IT IS DAYLIGHT in the swamp.
You notice a faint buzzing sound as the insects of the forest awaken.
The first of your tormentors is the smallest, the no-see-um.
You might not think a bug that small could be a bother, but you are wrong.
These almost invisible insects can occur in swarms so thick they make breathing difficult.
They get in your eyes and ears while biting you, sucking your blood and leaving patches of itchy welts all over your hide.
As your eyes swell shut from the effects of the no-see-ums, the sun warms the forest floor, and you don’t worry about them anymore.
Larger insects awaken.
Maybe it’s a product of our unusually wet spring, but mosquitoes seem to be larger than normal.
Perhaps they are evolving into a new species of bloodsucking bird.
Some of this year’s mosquito crop are big enough to shoot with a shotgun, but that is a desperate and expensive measure that could be risky in a crowded campground.
It would be futile, anyway, since you’d run out of shells before you ran out of mosquitoes.
In the heat of the noonday sun, you forget all about the mosquitoes once the black flies hit.
They are a little black bug about the size of a housefly with one big difference: Black flies attack in biting swarms so thick, it is impossible to swat all of them.
Still, none of our insect pests can match the deerfly for sheer evil genius.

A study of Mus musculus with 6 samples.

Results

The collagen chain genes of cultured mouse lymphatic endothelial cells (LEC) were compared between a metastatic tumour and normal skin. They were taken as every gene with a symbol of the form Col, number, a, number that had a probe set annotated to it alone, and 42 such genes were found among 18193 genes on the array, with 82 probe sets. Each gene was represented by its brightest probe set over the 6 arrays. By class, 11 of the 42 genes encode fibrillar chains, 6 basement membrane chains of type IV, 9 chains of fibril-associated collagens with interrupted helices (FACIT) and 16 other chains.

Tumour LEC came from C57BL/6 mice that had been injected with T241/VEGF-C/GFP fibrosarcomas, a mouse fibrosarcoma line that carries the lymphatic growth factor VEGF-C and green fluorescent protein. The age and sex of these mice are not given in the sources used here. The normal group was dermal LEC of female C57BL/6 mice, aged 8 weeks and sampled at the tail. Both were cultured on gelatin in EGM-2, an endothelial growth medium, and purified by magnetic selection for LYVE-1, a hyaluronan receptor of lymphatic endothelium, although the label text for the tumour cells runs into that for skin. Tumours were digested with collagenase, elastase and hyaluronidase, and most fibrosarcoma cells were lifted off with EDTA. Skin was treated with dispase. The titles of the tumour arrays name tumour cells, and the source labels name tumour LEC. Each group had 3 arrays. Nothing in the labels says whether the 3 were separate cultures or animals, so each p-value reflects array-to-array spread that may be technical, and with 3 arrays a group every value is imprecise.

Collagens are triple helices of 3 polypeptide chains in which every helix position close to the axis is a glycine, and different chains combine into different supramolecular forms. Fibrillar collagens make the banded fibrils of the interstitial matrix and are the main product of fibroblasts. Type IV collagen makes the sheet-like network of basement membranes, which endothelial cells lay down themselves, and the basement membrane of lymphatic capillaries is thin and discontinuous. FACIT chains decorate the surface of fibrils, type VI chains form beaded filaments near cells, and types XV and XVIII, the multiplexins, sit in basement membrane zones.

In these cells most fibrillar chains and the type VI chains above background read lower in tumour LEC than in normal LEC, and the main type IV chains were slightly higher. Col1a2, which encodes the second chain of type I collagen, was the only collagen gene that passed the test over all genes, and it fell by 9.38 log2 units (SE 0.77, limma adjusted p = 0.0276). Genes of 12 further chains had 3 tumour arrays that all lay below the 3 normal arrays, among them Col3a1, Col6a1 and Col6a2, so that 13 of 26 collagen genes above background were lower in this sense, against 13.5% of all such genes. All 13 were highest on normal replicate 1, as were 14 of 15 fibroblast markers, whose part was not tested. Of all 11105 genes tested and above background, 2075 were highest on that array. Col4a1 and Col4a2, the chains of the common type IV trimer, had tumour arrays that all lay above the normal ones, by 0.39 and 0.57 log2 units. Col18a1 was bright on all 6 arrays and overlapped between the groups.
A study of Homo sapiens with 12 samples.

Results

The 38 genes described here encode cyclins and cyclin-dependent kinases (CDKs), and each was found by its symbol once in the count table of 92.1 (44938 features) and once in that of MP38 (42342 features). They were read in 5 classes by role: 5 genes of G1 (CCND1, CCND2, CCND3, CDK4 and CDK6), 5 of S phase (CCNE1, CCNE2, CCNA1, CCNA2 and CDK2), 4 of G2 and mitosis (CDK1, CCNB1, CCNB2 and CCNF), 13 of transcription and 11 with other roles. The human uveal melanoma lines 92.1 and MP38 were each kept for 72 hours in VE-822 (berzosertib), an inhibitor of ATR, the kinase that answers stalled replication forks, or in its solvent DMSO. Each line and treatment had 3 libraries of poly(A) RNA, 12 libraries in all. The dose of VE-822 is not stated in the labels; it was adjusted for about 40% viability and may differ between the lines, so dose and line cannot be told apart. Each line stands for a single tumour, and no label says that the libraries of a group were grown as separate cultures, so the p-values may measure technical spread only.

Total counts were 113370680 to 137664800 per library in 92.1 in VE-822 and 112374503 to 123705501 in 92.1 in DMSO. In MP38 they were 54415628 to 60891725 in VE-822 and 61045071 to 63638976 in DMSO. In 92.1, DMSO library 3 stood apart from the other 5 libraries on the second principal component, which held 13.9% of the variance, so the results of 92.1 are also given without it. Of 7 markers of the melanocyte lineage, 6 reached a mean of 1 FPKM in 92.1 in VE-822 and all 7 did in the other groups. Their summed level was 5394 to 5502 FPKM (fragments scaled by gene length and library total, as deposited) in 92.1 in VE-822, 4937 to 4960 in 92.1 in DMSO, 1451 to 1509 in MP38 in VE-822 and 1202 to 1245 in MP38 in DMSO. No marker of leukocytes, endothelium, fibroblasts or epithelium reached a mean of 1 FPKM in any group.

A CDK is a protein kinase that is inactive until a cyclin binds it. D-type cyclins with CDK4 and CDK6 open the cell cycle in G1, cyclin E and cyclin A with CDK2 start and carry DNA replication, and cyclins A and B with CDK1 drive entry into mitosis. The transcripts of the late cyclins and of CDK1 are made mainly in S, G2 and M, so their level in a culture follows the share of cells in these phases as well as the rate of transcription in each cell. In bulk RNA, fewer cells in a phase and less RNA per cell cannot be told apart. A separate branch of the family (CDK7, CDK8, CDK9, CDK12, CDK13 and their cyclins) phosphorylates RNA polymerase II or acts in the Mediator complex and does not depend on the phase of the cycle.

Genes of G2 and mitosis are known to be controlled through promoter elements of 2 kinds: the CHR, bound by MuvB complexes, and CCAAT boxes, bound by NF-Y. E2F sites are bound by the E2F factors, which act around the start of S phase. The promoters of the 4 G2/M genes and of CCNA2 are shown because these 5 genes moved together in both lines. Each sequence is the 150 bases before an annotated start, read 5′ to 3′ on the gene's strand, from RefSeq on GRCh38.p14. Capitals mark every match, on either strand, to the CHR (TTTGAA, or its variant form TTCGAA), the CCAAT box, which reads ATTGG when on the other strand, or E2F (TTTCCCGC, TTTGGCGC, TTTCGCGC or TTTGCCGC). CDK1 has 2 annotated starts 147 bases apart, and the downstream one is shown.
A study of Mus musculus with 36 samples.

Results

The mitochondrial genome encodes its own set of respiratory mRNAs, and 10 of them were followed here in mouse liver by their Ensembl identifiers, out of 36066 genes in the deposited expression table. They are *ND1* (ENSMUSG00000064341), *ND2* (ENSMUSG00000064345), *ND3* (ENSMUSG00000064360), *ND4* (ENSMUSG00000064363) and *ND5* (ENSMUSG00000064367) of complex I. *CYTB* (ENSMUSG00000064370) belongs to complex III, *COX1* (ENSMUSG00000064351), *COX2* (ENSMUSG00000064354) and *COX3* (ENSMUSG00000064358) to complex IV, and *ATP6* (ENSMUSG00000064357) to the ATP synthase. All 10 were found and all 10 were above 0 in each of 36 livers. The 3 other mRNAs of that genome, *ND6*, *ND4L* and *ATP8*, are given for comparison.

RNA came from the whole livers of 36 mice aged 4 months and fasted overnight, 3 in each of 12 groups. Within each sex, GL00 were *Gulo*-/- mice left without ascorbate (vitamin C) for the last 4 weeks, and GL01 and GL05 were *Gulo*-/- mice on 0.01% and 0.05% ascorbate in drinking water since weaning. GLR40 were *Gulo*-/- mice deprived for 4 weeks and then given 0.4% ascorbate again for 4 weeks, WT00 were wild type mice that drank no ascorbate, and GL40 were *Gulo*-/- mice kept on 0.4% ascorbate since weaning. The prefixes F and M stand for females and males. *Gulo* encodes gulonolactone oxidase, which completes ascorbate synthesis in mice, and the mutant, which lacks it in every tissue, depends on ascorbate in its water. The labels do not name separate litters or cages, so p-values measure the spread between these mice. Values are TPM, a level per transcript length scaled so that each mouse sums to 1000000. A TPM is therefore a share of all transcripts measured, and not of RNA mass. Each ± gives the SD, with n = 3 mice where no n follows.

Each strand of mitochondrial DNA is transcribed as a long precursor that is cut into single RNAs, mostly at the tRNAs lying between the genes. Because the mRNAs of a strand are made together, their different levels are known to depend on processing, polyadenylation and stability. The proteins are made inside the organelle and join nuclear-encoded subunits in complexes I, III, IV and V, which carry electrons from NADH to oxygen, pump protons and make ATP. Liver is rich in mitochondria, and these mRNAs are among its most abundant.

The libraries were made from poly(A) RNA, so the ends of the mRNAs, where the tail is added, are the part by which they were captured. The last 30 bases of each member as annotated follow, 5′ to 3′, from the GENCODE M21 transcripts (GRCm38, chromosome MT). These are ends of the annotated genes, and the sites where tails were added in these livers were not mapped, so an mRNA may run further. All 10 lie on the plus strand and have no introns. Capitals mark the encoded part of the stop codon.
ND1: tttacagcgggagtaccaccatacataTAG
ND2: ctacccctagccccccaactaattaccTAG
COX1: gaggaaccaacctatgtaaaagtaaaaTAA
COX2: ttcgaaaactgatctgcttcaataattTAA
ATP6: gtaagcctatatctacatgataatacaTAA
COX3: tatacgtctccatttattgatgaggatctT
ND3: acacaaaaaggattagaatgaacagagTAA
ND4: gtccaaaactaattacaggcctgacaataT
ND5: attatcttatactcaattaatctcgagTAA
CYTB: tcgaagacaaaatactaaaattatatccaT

Though a deerfly is larger than the biggest housefly, it can fly silently, land lightly and start feeding immediately, leaving an itchy welt that has the potential to suppurate into a disgusting souvenir of your outdoor adventure.
Once a deerfly gets you in its sights, your little outdoor outing takes a turn for the worse.
That’s because there is seldom just one of these little flying devils.
Deerflies hunt in teams that can wear down the victim.
When you take off your hat to swat a deerfly, chances are another one will bite you on your bare head.
You try to hit yourself in the head with your hat, but deerflies can take a punch, and the first bug you swatted is back in the air mounting another attack from where you least expect it.
The deerflies circle until they are able to approach from behind.
That’s when you need the buddy system — someone to watch your back and swat you while you swat them in return.
I once saw some cranky campers who were swatting each other with tree branches to keep the deerflies off each other.
The bugs were fierce.
The tree branches kept getting bigger until the booze hit.
One thing led to another until the campers were beating each other with clubs.
Between the bug bites and the bruises, it must have been a tough Monday morning somewhere.
Deerflies have a particular affinity for swimmers, whose exposed skin offers a larger target.
Attempts to avoid the deerflies by staying underwater ultimately fail when you run out of air.
Returning to the surface, you find the deerflies patiently circling above the water just waiting to attack the first piece of exposed hide they see.
Squashing one of these engorged bloodsuckers is a disgusting experience that is not for the faint-hearted.
Each little carcass exudes a tiny pool of blood that they probably just sucked out of you.
Just remember: It’s you or the bug.
As the sun lowers and shadows creep forward, the larger insects seek shelter, and the no-see-ums return with a vengeance.
Pat Neal is a fishing guide and “wilderness gossip columnist” whose column appears here every Wednesday.
He can be reached at 360-683-9867 or by email via patneal firstname.lastname@example.org.